Today I dropped by the home of Anita and Robert Opel who live in the Coomer Creek Neighborhood of Garland, Texas to drop off the proceeds from our Loving Garland Green yard sale yesterday.  Anita also is the Treasurer of Loving Garland Green.  Her husband, Robert, is a member of the board.  Anita and Robert, like all officers and members of the board of directors of Loving Garland Green will participate in one of our programs, Another Urban Garden.* Just eye-balling their yard, I estimate the Opels already have approximately 350 square feet of their back yard set aside for growing edibles.  In addition to the beds shown above in which they will plant vegetables this spring, they also have other beds in their yard that include a raspberry bush, wild strawberries, a butterfly bush, rosemary, and some type of perennial spinach that I'll have to learn more about.

Ed and Becky Downing, also members in Loving Garland Green, will work with two other members of Loving Garland Green in setting up their urban garden. Charlie, a master gardener, and I visited their home last Wednesday and worked with Ed and Becky to map out their plan for their urban garden.  Every garden is unique.  Ed and Becky will have one 4 x 8 foot vegetable bed.  Then in another bed they will have cantaloupe and watermelon along with an herb garden.  Their back yard is quite small and is dwarfed by a huge old native Texas pecan tree.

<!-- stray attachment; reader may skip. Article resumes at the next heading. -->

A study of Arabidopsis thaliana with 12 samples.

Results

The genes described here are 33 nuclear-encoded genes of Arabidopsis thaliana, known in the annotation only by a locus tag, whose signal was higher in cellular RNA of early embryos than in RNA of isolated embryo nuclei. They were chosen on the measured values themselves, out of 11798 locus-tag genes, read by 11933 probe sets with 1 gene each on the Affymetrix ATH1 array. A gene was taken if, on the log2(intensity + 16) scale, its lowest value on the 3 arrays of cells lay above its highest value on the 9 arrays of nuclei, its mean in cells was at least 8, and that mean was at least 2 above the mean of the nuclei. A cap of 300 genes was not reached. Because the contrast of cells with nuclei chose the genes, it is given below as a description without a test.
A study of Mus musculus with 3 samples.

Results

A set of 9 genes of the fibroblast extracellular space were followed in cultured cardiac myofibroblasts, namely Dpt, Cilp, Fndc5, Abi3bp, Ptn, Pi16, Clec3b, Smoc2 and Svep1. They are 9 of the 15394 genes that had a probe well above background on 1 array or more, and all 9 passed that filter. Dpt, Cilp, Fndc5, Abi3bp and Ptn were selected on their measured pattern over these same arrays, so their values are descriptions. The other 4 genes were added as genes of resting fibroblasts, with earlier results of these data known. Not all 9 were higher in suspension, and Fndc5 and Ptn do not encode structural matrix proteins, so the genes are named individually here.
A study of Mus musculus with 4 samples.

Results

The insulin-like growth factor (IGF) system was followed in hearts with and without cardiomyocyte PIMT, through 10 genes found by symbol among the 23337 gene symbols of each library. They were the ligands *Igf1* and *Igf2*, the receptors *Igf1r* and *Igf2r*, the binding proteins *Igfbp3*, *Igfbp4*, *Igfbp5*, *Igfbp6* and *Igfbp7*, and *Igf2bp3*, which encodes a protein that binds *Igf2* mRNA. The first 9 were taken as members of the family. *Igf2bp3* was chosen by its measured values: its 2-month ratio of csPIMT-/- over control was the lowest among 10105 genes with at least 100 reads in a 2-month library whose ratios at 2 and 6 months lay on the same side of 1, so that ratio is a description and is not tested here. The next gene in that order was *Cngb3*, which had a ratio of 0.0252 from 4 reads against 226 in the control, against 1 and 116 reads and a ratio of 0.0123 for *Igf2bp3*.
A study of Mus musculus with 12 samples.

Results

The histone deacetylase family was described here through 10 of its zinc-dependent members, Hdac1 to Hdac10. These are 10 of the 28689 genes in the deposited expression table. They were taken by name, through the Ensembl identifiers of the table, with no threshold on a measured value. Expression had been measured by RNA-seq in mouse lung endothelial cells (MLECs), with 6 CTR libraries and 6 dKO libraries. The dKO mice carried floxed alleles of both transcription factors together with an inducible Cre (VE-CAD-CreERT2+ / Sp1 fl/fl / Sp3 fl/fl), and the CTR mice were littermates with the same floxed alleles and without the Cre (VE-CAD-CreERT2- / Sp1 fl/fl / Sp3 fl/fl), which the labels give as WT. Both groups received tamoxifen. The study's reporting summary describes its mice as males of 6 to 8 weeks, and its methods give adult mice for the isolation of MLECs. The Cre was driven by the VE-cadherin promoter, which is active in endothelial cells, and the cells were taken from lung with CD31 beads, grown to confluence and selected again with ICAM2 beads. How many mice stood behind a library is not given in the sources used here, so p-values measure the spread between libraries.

It will be interesting to track the produce throughout the season from all our gardens as well as from the gardens of other residents who participate in our "Another Urban Garden" program.


1.  One level of participation includes those who already garden. These people can register their urban garden with Loving Garland Green. The garden must be located in Garland.  The urban gardener measures the total square footage of the garden and provides information regarding what is planted in each plot.  The gardener then agrees to keep records and report regarding the plant yields and estimated market value of the yields.

2. Another level of participation includes those who do not garden, but who would like to garden.  These people can contact Loving Garland Green (a nonprofit corporation).  We will work with the resident to create one raised bed in their yard for the first year. For those who prefer to get started by themselves, we recommend  http://www.smartgardener.com/  for great online assistance.  If you prefer to work with a person, we will assign a Loving Garland Green volunteer to work with you.*  Regardless your choice, we hope you will keep records of your crop yields and market value of your harvests and that you will participate in our program by reporting this information to Loving Garland Green.  Together we can promote a healthier local economy as well as a healthier populace.

*Note:  Loving Garland Green will be applying for grant money to help us fund the establishment of gardens for anyone living in Garland who wants a garden, but who doesn't know how to get started; anyone who does not have the physical ability to set up a garden; and/or those who may not be able to afford the initial set-up costs for the garden.  If urban gardens are set up properly, almost anyone can manage one.  After the first year most gardens can operate at a profit for the urban gardener.  (Often this is possible even in the first year.)